Jackson Water Crisis

Environmental justice is racial justice. 

Jackson's water crisis is what results when you have years of a state legislature and governors acting as if their primary jobs are cutting taxes and taking care of wealthy donors. 

The Mississippi legislature is so greate at ignoring problems that it let a governor shot down an entire antipoverty program and give hundreds of millions in TANF dollars away to rich friends and it still has held ZERO hearings on the issue. 
This water crisis in Jackson is different because you can't sweep it under the rug. 
To be clear—this unjust system was put together decades ago to benefit wealthy white residents and disregard Black residents. Two water treatment plants are located only miles apart, segregating the city and leaving the historically Black populated South and West Jackson furthest away from both essential sources. These communities are disproportionately and repeatedly hurt when our water system fails. 
In 2021, the legislature was in session at the Capitol building when an ice storm shut down most of the city's water system for days. In response, the majority white legislature took no action. 
We fear now that the state will continue to allow communities to suffer and move on after the situation in Jackson is "stable." But real investments are needed to fix the water system. 
We fear this because there are other communities in Mississippi without running water. 382,000 people, or nearly 13% of the state's population, have no public water service. They rely on well water. Families in small Mississippi Delta towns have no running water. 
And honestly, we fear this because these are largely Black Mississippians that are hurt by the lack of safe drinking water and public investment. 


Support the organizations that are actively working to assist families, individuals, communities and students harmed by the lack of clean drinking water in Jackson.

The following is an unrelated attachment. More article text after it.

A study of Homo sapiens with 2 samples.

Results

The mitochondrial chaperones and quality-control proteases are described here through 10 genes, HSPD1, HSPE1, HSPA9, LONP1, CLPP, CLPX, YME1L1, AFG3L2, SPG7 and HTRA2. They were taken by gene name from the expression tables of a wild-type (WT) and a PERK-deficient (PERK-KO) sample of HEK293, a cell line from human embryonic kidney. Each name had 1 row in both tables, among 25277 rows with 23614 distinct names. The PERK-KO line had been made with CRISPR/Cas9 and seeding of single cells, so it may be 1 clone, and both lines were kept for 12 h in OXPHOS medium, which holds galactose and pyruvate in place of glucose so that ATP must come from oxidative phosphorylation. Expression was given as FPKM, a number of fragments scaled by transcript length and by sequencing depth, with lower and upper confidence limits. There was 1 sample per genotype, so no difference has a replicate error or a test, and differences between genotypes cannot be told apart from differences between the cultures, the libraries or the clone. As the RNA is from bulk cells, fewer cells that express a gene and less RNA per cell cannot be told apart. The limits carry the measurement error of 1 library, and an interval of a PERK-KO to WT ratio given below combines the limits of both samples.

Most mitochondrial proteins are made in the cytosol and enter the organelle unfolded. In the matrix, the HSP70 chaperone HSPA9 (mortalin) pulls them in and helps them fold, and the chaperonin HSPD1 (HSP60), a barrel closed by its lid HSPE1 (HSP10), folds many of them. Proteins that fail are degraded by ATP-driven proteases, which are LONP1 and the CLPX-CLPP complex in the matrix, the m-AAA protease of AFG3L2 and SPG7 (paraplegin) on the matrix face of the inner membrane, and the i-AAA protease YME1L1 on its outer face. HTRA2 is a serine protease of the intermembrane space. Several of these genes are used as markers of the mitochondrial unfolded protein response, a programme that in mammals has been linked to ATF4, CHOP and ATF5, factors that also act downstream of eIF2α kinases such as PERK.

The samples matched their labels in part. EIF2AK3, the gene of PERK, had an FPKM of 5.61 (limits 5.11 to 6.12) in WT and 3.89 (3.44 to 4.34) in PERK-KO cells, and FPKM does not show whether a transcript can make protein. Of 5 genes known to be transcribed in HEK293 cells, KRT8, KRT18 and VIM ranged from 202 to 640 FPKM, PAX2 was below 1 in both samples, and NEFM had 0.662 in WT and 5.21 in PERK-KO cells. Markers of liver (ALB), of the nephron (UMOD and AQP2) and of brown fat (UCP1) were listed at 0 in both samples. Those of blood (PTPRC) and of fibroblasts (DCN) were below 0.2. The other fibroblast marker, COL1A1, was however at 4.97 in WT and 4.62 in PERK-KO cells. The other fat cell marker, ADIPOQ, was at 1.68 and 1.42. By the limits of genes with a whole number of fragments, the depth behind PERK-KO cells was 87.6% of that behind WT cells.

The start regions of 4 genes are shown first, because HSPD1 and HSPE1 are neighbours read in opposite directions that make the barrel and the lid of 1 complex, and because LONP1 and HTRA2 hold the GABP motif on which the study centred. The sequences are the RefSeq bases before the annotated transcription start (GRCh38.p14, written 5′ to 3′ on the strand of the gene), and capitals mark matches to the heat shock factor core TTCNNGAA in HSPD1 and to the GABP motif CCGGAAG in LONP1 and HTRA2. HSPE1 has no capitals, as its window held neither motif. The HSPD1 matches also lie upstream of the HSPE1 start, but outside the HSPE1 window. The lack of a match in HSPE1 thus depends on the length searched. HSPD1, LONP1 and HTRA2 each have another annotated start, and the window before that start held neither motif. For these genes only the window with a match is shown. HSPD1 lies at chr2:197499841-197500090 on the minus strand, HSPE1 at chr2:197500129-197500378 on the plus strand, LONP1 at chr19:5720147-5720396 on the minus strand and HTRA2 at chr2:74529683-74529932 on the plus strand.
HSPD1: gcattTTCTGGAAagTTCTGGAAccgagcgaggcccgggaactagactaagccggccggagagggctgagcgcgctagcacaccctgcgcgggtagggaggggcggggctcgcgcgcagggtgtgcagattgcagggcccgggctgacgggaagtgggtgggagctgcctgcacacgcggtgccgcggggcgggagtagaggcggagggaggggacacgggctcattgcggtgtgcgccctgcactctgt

The safe drinking water crisis for Jackson, MS residents reached a dangerous apex this summer. The disparities in investments to critical infrastructure projects and access to clean water often disproportionately put Black, Brown and low-income communities at risk of environmental harms. 

The ACLU of Mississippi was able to raise over $60,000, with the help of the Just Trust Foundation, to assist on-the-ground organizations with purchasing and distributing water and supplies to Jacksonians most harmed by the water crisis -- including the Mississippi Rapid Response Coalition. 

Click Here to Support the Mississippi Rapid Response Coalition


ACLU of Mississippi is directly supporting these organizations:

  • Jackson Hinds Comprehensive Health Center is a Federally Qualified Health Center and the largest provider of primary health care services to the uninsured and under-served in Central Mississippi. 
  • New Horizon Church--International is part of the fabric of South Jackson, a working-class community of over 90% Black residents. It is also the most heavily impacted area in Jackson. New Horizon Church-International has arranged to be the South Jackson distribution point throughout this crisis. 
  • Springboard to Opportunities is a nonprofit organization working with residents who live in affordable housing to reach their goals in school, work, and life. Springboard is working to ensure clean drinking water is available in all of our communities in Jackson as soon as possible. They are working with partners to provide meals to families, particularly those with children who are virtual learning due to schools closed by the water crisis.